There's more than one way to read a digital book

By Hiawatha Bray
Globe Staff / February 26, 2009

Project Gutenberg, the first effort to computerize classic books, began when Richard Nixon was still wiretapping his enemies. What we've lacked are attractive, simple devices for reading these digital volumes. And suddenly they're popping up everywhere.'s Kindle, released in 2007, was the first e-book reader to make a mark. The company refuses to say how many it has sold, but outside analysts reckon they have moved half a million or more. Now comes the second edition.

The $359 Kindle 2 is an incremental upgrade. It's a thinner, more elegant device, with enough memory to store 1,500 volumes, according to Amazon. The old Kindle had a slot for inserting extra memory; not this one. Also gone is that odd little scroll wheel for navigating menus. Instead, there's a little square button that tilts up, down, left, and right, just like a joystick.

On Kindle, the reading is easy, thanks to a 6-inch black and white screen developed by E Ink Corp. of Cambridge. There's a slightly uncomfortable "flashing" effect when you press the Next Page button, but you get used to it. Besides, the new Kindle flips pages faster than the old one.

And if your eyes get tired, Kindle 2 will read to you. Text-to-speech software converts the book into a surprisingly lifelike male or female voice, then pumps it through a headphone jack or the Kindle's two small but tolerable speakers. The system works so well that the Authors' Guild, an association of writers, warned that writers could lose the royalties they now earn from audiobook editions of their work. Fewer people will buy the new James Patterson thriller on CD if their Kindles can read it to them. As a writer, I sympathize. As a reader, I shrug.

Of course, the new Kindle retains the original's most addictive feature - seamless integration with Amazon's online bookstore. You can buy more than 230,000 electronic books, or subscribe to dozens of magazines and newspapers, without rising from your chair, or tracking down a Wi-Fi Internet hotspot. Instead, the Kindle attaches to Sprint Nextel Corp's cellular data network, which serves every major US population center. Order a book, and it's installed in a couple of minutes. There's no charge for using the Sprint network; Amazon eats the cost. Yet the company still charges only $10 for most electronic books, even bestsellers.

Kindle's association with the biggest online bookstore helps it dominate the e-book market. But it's got competition.

Sony Corp. has quietly sold more than 300,000 of its Reader e-books in the past two years. The $400 PRS-700 Reader is smaller than the Kindle, mainly because it lacks a push-button keyboard. Instead, a touchscreen allows you to open books and turn pages with a tap of the finger. It's less sensitive than it ought to be, forcing you to press fairly hard to get some action.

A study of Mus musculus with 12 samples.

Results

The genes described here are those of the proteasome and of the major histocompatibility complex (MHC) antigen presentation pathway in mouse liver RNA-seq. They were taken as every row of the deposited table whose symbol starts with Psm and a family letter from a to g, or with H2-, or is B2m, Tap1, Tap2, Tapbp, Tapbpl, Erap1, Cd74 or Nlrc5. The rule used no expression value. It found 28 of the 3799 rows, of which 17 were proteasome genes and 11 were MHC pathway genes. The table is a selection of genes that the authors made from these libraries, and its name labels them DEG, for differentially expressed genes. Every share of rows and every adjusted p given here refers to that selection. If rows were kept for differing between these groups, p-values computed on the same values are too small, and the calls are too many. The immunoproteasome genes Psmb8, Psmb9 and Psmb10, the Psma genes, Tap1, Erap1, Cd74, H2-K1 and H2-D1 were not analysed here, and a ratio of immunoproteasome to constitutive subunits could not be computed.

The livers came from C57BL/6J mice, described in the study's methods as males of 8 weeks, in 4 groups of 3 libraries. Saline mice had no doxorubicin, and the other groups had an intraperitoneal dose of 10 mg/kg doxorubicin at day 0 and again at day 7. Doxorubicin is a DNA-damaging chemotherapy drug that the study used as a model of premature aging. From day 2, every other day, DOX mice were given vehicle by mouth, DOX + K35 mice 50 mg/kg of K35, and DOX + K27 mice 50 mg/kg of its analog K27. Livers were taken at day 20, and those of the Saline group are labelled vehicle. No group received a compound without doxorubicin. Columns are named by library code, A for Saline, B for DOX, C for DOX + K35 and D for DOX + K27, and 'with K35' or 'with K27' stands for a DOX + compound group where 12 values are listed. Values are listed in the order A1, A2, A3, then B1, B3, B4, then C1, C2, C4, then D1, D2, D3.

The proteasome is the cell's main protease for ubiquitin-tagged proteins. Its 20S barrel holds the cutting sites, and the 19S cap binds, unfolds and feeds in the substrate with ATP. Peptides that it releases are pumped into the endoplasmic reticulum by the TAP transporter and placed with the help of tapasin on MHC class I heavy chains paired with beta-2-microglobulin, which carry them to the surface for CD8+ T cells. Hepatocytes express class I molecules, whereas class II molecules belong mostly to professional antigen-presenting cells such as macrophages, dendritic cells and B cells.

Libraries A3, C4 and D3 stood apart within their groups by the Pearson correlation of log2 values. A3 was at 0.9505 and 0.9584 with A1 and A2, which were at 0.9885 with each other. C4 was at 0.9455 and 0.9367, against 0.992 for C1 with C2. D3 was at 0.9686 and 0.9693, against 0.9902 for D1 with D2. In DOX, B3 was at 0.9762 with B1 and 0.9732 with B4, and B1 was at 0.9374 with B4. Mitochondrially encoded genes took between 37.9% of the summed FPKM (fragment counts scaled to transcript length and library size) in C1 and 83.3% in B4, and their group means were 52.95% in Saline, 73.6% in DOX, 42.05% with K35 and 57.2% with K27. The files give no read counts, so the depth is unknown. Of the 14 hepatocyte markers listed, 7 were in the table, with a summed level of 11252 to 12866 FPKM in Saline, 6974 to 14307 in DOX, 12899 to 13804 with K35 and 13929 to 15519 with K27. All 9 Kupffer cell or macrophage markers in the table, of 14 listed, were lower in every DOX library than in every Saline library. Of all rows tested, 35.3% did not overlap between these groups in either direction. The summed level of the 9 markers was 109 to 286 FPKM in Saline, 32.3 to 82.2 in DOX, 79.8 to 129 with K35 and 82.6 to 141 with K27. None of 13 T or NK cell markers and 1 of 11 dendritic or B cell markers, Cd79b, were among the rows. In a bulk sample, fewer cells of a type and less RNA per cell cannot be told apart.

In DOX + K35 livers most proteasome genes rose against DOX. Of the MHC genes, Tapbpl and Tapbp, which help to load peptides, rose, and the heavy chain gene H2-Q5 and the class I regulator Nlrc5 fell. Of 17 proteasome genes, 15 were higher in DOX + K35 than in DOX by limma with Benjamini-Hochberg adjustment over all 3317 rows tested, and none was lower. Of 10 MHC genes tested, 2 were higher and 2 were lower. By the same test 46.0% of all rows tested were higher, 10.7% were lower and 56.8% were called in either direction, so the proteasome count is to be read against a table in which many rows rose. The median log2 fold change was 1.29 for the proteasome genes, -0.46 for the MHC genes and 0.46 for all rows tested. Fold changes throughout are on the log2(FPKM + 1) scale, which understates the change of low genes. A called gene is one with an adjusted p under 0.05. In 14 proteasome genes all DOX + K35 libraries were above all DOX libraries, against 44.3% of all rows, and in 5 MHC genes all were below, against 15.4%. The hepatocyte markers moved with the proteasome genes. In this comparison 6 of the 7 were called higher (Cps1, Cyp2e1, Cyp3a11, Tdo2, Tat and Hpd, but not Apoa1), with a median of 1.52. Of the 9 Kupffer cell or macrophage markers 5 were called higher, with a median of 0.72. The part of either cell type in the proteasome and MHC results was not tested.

Still, it's clever and intuitive. Drag your finger left-to-right to turn to the next page; right-to-left takes you back one page. There's an on-screen keyboard for writing notes or doing word searches, but the keyboard barely responded to my finger taps. Luckily, the Reader's slide-out stylus works much better.

The Reader's screen gives off too much glare in brightly lit rooms. Otherwise, its E Ink screen is a match for the Kindle's. And unlike the Kindle, the Sony Reader has an internal light, so it can be used in a darkened room.

The Reader's critical defect is the absence of a wireless buying option. No cellular data network; no Wi-Fi. Using a personal computer, you visit Sony's online bookstore to buy titles. The purchased texts are fed into the Reader through a USB cable. It's hard labor compared with Kindle's painless purchasing system.

But I suspect the most popular e-book devices will prove to be smartphones, such as the BlackBerry or Apple iPhone. Granted, screen sizes are small and battery life short. But millions already use these phones to watch movies and play games. Turning them into e-books is just a matter of writing the software.

Apple's iTunes Store offers a pair of high-quality iPhone applets, Stanza and eReader. These let you find and download books using either the iPhone's 3G cellular network or a nearby Wi-Fi hotspot. Stanza's creators claim their free program has already been downloaded more than a million times. That's more than all sales of Kindle and Sony Reader combined.

But Stanza and eReader mostly offer free downloads of old titles that are no longer under copyright.

So here comes Shortcovers, a new service from the big Canadian bookseller Indigo Books & Music Inc. Shortcovers, due to launch in March, will offer about 50,000 books to start with, including current bestsellers. The service will also deliver the latest magazines and popular blogs. Users will be able to buy individual chapters of a book for 99 cents, or entire volumes. Shortcovers will work not only with the iPhone, but also with BlackBerrys, as well as phones running Google Inc.'s Android software.

None of these devices are entirely satisfactory substitutes for printed pages - nor do they need to be. If you want a real book, buy one. But sometimes it's better to push a button than to turn a page.

Hiawatha Bray can be reached at

(Correction: The original version incorrectly asserted that the new Stephen King title was unavailable on certain platforms.)